Local federal agents caught up in cyber hack

July 9, 2015: Sources confirm that several people working for federal agencies in Northeast Ohio have been victimized by a cyber attack.

CLEVELAND -- Sources confirm to WKYC Channel 3's Hilary Golston that several of those working for federal agencies in Northeast Ohio have been victimized by the cyber attack that's resulted in 21.5 million social security numbers being stolen.

The source spoke on the condition of anonymity, because she is not authorized to comment publicly on the incident.

The attack on the U.S. Office of Personnel Management also compromised 1.1 million fingerprint records and other personal information, including health and criminal histories.

The information of federal workers' family members and neighbors, which may have been provided on forms, could also be at risk.

Applicants for federal jobs who requested background checks, may also have had information compromised.

The hack has been traced to at least two separate events, the first of which was detected in April. The investigation revealed the attack was much more wide-sweeping than the original smaller breech.

Workers must not only be concerned with compromised personal information that could be used for nefarious purposes, but also history they may not be proud of.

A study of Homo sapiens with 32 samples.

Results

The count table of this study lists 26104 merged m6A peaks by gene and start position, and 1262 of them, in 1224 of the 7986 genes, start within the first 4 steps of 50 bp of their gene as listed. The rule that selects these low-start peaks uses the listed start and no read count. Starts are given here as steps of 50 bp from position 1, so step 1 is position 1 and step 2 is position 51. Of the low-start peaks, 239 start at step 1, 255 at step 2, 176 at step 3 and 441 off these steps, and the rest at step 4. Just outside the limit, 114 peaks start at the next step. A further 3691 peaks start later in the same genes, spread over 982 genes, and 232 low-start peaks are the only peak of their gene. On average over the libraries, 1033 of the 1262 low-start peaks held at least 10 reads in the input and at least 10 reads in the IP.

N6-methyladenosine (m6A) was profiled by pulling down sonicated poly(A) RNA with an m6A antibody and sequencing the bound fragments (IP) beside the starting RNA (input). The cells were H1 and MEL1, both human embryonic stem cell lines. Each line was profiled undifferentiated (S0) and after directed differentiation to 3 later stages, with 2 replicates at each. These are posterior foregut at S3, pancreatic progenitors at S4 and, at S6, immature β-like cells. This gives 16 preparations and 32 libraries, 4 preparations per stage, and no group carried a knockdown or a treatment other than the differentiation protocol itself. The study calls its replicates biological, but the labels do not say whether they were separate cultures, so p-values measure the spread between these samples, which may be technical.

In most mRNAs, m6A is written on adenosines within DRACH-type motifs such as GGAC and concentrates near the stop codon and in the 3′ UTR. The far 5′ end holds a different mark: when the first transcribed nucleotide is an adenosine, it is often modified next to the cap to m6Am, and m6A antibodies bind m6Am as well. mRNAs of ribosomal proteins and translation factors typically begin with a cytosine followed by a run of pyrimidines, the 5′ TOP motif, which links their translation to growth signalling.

"Most of us don't live completely transparently, and you have to divulge it when you're getting that security clearance," Eric Vanderburg, the Director of Information Systems and Security at JURINNOV tells Golston. "Now they're probably all going, oh no!"

The company, with offices in downtown Cleveland, helps companies better manage and track electronic information. Vanderburg says the breach is unique in that "now the attackers have information that will allow them to let's say blackmail, to discover passwords based on all this personal information and to really do a lot more damage."

While China is the suspected attacker for at least one of the incidents, officials haven't pinned down who's responsible.

"Did OPM mess up…did they fall short here in protecting the information of millions of people?" Golston asked Vanderburg. "It's hard to answer that one right now," replied Vandenburg.